By TOM WITHERS
AP Sports Writer
AKRON — Johnny Manziel was back in his element: on campus, in a stadium on a Saturday.
And on the field, Manziel may have tightened the competition to be Cleveland’s starter.
Cleveland’s rookie quarterback, whose electrifying scrambles and how-did-he-do-that passes made him a college football superstar, showed off some of those dazzling and daring skills as the Browns took a short trip south of their training camp to scrimmage at the University of Akron’s InfoCision Stadium.
Manziel and Brian Hoyer took their quarterback battle into the public and in front of 20,673 fans, who didn’t see much offensive scoring — there were two field goals and two defensive touchdowns — but got a chance to see Johnny Football in the flesh.
Manziel made some plays with his legs and rocket arm. Shaking off a sloppy start on his first series, he scrambled from trouble and completed two passes by firing completions into tight windows. He had a touchdown pass dropped and had another TD ruled out of bounds on a play that may have been reversed by instant replay.
Nothing spectacular, but steady.
“Some good, some bad,” Manziel said of his performance. “I thought we moved the ball after the first drive pretty well and then I was told we had a 16-play drive on the second drive, which is good. We’re keeping the chains moving. It was nice.”
Manziel worked exclusively with Cleveland’s second-team offense, but it’s possible he’ll get some reps with the starters next week as the Browns prepare for their exhibition opener Saturday in Detroit.
Hoyer entered training camp with a lead over Manziel, but after one week of practice and the unscripted scrimmage, the gap between the two QBs appears to have narrowed.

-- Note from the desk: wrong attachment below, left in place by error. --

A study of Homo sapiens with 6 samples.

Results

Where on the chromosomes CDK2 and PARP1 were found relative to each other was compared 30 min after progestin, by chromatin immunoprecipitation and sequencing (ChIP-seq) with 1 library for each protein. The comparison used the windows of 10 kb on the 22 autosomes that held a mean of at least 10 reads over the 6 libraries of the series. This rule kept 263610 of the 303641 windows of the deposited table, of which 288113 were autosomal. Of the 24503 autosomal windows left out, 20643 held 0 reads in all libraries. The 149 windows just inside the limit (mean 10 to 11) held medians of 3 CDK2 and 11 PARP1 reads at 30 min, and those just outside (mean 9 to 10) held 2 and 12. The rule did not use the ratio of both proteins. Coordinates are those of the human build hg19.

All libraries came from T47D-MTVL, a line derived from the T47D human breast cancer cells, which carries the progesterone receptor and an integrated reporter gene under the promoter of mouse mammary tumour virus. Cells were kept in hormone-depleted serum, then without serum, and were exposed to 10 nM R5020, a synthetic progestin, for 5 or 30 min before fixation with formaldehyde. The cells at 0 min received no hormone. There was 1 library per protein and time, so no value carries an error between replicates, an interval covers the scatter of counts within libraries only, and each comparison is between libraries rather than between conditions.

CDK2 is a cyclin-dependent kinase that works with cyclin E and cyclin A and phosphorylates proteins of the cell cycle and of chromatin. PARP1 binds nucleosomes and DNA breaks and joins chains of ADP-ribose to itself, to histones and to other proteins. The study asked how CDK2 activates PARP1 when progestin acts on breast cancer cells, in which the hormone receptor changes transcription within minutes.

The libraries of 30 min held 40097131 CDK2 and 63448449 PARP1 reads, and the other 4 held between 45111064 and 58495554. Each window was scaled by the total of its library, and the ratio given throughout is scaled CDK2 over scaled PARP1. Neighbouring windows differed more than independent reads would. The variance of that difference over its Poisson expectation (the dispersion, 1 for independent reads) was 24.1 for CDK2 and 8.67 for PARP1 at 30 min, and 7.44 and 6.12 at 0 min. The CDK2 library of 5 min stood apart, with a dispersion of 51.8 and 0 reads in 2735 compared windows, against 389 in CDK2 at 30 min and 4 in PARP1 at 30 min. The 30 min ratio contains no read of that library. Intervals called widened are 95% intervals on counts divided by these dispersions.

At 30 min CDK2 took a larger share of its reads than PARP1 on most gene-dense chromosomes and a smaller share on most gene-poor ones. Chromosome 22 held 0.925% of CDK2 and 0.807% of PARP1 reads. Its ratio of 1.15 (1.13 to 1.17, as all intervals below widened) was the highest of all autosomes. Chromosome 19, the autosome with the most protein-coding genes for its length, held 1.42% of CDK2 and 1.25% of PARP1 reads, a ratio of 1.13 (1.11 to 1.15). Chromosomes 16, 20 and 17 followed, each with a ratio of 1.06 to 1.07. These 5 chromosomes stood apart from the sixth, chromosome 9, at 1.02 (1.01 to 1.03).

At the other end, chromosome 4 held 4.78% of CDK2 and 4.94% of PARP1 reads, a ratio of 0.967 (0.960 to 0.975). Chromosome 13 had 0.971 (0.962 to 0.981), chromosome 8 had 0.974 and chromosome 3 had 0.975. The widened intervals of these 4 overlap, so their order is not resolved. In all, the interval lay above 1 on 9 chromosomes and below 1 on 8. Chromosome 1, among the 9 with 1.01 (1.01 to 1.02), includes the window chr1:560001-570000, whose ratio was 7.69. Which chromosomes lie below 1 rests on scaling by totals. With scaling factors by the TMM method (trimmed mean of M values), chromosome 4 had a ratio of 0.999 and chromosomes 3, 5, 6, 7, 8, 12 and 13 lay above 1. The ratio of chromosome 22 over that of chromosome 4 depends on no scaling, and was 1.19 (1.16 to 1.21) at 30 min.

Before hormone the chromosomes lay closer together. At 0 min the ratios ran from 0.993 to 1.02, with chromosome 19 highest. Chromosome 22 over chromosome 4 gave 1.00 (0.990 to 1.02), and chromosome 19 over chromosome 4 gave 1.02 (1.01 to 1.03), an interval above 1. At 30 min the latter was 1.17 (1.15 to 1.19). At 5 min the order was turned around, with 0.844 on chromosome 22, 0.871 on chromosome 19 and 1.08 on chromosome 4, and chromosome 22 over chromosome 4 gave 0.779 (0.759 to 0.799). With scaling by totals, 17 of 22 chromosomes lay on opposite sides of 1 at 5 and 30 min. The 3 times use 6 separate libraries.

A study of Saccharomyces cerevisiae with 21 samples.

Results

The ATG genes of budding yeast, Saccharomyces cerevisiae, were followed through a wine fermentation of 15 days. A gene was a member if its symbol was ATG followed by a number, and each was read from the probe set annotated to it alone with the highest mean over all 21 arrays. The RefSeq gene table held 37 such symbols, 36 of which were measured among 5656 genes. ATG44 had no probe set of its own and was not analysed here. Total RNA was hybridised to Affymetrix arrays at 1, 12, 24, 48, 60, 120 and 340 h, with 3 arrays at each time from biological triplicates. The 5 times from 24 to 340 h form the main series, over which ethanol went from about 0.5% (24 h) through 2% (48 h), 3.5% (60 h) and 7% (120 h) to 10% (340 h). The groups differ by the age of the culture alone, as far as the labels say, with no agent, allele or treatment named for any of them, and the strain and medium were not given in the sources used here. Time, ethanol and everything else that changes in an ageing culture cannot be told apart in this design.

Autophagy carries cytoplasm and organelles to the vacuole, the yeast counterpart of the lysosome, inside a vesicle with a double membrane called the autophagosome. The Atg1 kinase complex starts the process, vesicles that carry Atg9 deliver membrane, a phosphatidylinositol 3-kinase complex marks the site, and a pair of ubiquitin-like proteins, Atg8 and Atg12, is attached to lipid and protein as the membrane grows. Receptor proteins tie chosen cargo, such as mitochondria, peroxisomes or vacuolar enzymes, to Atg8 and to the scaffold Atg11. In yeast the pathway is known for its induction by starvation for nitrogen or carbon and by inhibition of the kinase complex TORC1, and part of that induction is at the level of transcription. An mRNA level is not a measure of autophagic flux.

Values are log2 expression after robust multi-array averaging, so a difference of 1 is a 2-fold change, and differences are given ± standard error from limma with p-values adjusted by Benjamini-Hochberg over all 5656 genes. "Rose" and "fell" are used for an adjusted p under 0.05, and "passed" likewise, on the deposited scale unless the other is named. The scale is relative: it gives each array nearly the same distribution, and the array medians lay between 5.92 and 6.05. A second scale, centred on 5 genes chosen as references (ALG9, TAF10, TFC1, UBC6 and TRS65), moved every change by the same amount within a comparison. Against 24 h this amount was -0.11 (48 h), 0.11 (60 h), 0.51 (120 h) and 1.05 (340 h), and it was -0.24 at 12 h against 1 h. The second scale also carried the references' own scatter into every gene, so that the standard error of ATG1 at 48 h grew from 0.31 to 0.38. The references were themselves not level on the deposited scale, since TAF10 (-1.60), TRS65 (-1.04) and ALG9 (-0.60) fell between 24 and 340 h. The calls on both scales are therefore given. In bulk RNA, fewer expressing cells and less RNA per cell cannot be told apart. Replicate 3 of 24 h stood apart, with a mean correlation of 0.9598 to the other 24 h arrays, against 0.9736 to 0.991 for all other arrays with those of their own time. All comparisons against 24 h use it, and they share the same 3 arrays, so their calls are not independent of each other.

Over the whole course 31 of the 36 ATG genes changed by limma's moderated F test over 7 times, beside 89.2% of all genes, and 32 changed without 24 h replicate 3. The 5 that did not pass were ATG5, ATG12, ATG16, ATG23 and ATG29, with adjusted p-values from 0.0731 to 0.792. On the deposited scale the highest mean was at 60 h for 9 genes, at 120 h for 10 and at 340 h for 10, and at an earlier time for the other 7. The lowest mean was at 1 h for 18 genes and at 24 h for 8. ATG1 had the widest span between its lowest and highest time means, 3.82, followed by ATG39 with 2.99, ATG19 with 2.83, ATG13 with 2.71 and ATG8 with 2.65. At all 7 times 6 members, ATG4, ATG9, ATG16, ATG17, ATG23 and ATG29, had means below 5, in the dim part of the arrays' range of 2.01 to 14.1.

On three drives that began at the 30-yard line, Hoyer completed 7 of 11 passes for 56 yards and led the Browns to one field goal.
Manziel went 3 of 7 for 14 yards, and had two carries for 18 yards.
Browns coach Mike Pettine didn’t want to analyze every pass until he watches videotape, but he felt both QBs were efficient in moving their respective units.
Pettine was asked if he would characterize the QB competition as being closer than when camp opened.
“I wouldn’t say that,” he said. “When camp began, Brian was the No. 1 because we had to have someone out there with the ones, but they were truly competing against each other. At some point, we will mix the units. It’s all part of our evaluation process.”
Hoyer is doing all he can to hold off Manziel, but without Pro Bowl wide receiver Josh Gordon on the field, he doesn’t have a dependable first option.
Also, when tight end Jordan Cameron “banged” his shoulder and was removed from the scrimmage, Hoyer found himself without another primary target.
Hoyer left somewhat satisfied with a day dominated by Cleveland’s defense.
“I think you’re always evaluating yourself, and you’re always trying to get better,” he said. “It will be good to get back, watch the film, grade it out, see what I can improve on. The things we do good, we’ve got to keep doing them well. The things we’re not doing so well, we’ve really got to improve on.”
Manziel was greeted with a loud ovation when he took the field with Cleveland’s second-string offense. His first three plays, though, were met with a few groans. He fired his first pass out of bounds on a busted play and then got backed up by a false start. His second pass was overthrown and he scrambled out of bounds for 5 yards.
On his second drive, Manziel made a crisp 14-yard completion to rookie Willie Snead to convert on fourth down.
Later, he showed touch on a pass into the back corner of the end zone to tight Gary Barnidge, who didn’t clearly get both feet down inbounds. On the next play, he rifled a pass underneath that bounced off wide receiver Charles Johnson’s chest.
Earlier this week, Manziel said his biggest challenger isn’t Hoyer but Cleveland’s offense. He’s made strides, but not enough of them to pass Hoyer just yet.
“There’s no gap that I’m looking at right now,” he said. “It’s know the playbook, know everything. There’s still so many little things here and there that can throw a play and change a play, a defensive look. That’s stuff that I wasn’t used to. Now I’m seeing it, adjusting, learning. That’s what I’m doing is learning.”
NOTES: LB Barkevious Mingo made the day’s biggest play, picking off a pass by Hoyer tipped at the line by Jacobbi McDaniel and returning it nearly 50 yards. “I would’ve tackled him first of all if it weren’t a scrimmage,” Hoyer joked. Cracked Mingo: “I would have dropped a shoulder. It’s all fun and games.” … Pettine said starting free safety Tashaun Gipson is expected to be back at practice next week after suffering a “relatively minor” knee injury during Friday’s practice. … Gordon did not return from New York, where his appeal hearing will continue Monday.